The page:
I have some friends who were part of their school’s cross-country team. The importance of the long race is not just how one starts, but how they maintain their endurance through the whole race. The same is true for us as Christians. The book of Hebrews encourages the Christian to run with endurance the race that is set before them by looking to Jesus, who is the founder and perfecter of our faith (Hebrews 12:1–2).
Demas, who is mentioned a few times by Paul, is someone who started well but didn’t endure. In Colossians, we see Demas serving alongside Luke and Paul (Colossians 4:14). He is described as a “fellow worker” in Philemon (Philemon 24). We don’t know much about him. We know that he accompanied Paul and then something happened and he didn’t anymore. The only description of what happened is that he was in love with the present world and deserted Paul to go to Thessalonica (2 Timothy 4:10). Some scholars suggest that Demas went back home, but either way he abandoned the ministry for this world.
To love the things of this world
Demas did not have love for the people of the world, he had love for this world and the things of this world. We do not know what exactly that was for Demas. We do not know if ministry got too tough and he wanted things to be easier or it was a lucrative business venture that was appealing to him. I personally think it was a pull to what the world offers in comparison and that he lost sight of the vast riches that are found in Christ.
This will always be a struggle. As a scribe said to Jesus, “I will follow you wherever you go.” Jesus replied to him, “Foxes have holes, and birds of the air have nests, but the Son of Man has nowhere to lay his head” (Matthew 8:19–20). Jesus was telling all the well-wishers that it is costly to follow Him. It will be uncomfortable. To follow him will be not to gain from this world but to actually give to this world.
We are encouraged to not love the world, nor the things of this world (1 John 2:15). The devil will want to wave the fancy things of this world in front of us and the Christian must not give into this bait. Demas did and as we see in Paul’s last letter, he abandoned Paul for the things of this world. He started out well but did not endure and quit.
For the Christian
The issue is not about being successful or making money. I am thankful for those Christians that the Lord has allowed to be successful and desire to invest in the church and missions. The issue is when the allure of this world—fame, money, success, and power—become the desire of the heart. It’s when these things become more than Jesus, when this is the desire of the heart and Jesus is an afterthought.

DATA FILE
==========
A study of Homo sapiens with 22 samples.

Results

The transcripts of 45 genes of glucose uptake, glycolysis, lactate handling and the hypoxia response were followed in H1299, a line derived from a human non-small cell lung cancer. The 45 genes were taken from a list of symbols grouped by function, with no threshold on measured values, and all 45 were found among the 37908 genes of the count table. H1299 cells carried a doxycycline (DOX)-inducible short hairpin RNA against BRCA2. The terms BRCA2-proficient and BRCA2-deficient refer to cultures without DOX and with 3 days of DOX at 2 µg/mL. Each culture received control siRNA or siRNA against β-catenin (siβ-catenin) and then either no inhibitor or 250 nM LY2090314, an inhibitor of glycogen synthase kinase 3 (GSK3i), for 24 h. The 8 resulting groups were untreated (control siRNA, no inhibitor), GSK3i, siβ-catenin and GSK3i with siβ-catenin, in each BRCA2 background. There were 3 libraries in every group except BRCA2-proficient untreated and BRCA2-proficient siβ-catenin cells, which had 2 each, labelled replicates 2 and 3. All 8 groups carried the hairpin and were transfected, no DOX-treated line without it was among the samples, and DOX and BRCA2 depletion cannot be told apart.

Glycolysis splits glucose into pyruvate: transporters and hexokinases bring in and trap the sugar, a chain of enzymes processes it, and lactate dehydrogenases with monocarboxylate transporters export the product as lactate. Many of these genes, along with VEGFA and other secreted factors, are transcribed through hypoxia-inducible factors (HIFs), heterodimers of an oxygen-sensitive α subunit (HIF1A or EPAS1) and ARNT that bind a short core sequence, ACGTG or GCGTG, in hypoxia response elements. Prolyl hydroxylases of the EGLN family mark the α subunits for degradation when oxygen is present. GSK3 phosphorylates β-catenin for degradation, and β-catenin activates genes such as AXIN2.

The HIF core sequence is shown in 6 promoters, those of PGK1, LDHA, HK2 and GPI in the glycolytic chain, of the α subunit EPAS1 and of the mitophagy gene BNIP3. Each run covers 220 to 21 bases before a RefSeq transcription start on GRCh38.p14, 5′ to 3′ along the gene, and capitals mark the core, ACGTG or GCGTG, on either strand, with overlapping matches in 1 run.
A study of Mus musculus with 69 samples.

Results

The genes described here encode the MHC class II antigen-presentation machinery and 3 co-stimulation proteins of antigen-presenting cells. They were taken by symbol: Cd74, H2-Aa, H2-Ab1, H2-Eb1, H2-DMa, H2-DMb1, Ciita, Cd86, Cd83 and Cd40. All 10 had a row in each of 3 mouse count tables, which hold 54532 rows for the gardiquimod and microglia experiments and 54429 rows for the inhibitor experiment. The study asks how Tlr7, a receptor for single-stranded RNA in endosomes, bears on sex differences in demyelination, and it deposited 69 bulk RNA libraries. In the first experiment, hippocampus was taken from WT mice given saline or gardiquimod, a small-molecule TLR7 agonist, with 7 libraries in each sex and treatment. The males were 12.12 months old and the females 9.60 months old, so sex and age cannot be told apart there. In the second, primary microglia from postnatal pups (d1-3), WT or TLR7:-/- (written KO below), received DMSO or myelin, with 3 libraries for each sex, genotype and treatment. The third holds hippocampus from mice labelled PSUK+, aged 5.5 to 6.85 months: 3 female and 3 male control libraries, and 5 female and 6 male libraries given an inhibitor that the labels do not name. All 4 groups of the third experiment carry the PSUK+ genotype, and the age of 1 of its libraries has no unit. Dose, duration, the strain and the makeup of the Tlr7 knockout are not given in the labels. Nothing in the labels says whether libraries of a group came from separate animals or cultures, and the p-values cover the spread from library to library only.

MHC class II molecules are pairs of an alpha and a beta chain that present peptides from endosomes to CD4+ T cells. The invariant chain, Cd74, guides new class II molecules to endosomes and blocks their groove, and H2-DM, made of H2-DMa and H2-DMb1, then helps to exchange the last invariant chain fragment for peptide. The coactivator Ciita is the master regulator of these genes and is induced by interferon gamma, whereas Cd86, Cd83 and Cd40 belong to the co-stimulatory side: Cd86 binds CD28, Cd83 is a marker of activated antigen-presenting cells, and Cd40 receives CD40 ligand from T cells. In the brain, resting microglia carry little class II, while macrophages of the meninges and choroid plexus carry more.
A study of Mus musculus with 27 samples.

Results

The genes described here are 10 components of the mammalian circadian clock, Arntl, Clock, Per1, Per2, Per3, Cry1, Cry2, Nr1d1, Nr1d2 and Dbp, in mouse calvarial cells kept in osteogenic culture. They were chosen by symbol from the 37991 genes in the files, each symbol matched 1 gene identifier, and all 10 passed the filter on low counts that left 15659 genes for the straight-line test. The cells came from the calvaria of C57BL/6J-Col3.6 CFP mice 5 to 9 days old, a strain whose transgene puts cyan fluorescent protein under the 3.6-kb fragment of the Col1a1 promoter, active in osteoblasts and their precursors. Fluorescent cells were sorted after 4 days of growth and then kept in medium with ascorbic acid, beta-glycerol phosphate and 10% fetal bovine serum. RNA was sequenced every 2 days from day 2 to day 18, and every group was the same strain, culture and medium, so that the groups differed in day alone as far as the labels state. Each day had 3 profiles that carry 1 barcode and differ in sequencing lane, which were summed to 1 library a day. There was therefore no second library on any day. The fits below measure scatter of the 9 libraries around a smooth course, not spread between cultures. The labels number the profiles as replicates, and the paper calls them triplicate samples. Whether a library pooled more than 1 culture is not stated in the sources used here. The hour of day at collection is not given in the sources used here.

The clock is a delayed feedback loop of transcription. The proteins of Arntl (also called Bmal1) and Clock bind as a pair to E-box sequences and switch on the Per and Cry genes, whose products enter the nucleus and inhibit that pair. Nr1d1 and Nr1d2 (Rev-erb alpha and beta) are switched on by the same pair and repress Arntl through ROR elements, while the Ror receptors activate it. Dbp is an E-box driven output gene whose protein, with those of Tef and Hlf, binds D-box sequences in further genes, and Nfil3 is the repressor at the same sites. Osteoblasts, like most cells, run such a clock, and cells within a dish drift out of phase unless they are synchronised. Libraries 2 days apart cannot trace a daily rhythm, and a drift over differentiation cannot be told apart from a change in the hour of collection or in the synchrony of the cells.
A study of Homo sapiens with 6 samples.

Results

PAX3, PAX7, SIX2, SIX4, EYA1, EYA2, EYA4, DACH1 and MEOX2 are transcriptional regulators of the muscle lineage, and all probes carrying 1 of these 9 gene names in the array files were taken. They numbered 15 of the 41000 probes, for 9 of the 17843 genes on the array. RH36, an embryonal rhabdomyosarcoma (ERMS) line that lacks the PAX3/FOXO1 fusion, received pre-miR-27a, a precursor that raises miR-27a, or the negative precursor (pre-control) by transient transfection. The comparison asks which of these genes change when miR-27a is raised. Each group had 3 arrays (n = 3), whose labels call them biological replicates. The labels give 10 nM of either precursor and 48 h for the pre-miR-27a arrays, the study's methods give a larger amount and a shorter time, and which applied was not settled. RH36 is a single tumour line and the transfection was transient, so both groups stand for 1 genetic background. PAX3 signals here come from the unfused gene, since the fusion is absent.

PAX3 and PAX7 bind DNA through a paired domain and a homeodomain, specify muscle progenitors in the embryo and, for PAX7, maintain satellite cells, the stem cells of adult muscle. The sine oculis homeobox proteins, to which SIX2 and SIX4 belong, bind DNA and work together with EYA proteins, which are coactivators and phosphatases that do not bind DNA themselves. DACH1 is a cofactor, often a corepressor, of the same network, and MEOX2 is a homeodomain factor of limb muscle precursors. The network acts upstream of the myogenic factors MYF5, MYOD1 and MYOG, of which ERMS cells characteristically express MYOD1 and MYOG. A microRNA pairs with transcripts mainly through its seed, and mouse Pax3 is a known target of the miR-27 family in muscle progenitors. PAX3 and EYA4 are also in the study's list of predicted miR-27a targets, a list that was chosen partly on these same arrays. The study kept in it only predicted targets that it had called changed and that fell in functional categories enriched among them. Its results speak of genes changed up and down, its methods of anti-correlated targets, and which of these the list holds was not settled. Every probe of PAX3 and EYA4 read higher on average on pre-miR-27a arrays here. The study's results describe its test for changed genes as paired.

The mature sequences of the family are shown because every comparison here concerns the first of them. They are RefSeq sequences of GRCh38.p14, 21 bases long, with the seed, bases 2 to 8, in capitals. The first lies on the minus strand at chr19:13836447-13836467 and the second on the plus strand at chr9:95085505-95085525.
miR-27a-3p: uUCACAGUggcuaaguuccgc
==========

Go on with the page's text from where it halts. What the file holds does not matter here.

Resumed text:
We need to remind ourselves that the things of this world will fade away (Matthew 6:19). The things of this world will not pass through the fire; they are just straw and will be burnt up. The Christian invests in the things that will last for all eternity (1 Corinthians 3:12-15).
The truth is that there is nothing here to compare to what Jesus offers. There is an allure to the things of this world but when one really compares that to who Jesus is and what He offers, the things of this world fail in comparison. As the Bible reminds us, there are the unsearchable riches of Christ (Ephesians 3:8). The mine that holds the riches of Christ will never run dry, there are nuggets to search for and enrich our souls. I love what Helen H. Lemel wrote in her hymn Turn Your Eyes Upon Jesus: “Turn your eyes upon Jesus. Look full in His wonderful face. And the things of earth will grow strangely dim, in the light of His glory and grace.” When we compare this world to Christ, we see the things of this world fading away.
Another reminder to the Christian is this world is not our home. The Christian is part of an eternal, heavenly city (Philippians 3:20). Our stock and investment is not in the things of this world but are pointed to eternity. That is why Jesus tells us to lay up treasures in Heaven, that neither moth nor rust can destroy and where thieves cannot break in and steal (Matthew 6:20). With the reality that this life is not the answer but the promises of Jesus and our eternal hope, it changes with what we live for, the greater thing, which is for Jesus.
It is not just about starting well but the ability to endure to finish well. Don’t be like Demas; let us look to Jesus, the perfecter and author of our faith, and run with endurance the race that is set before us!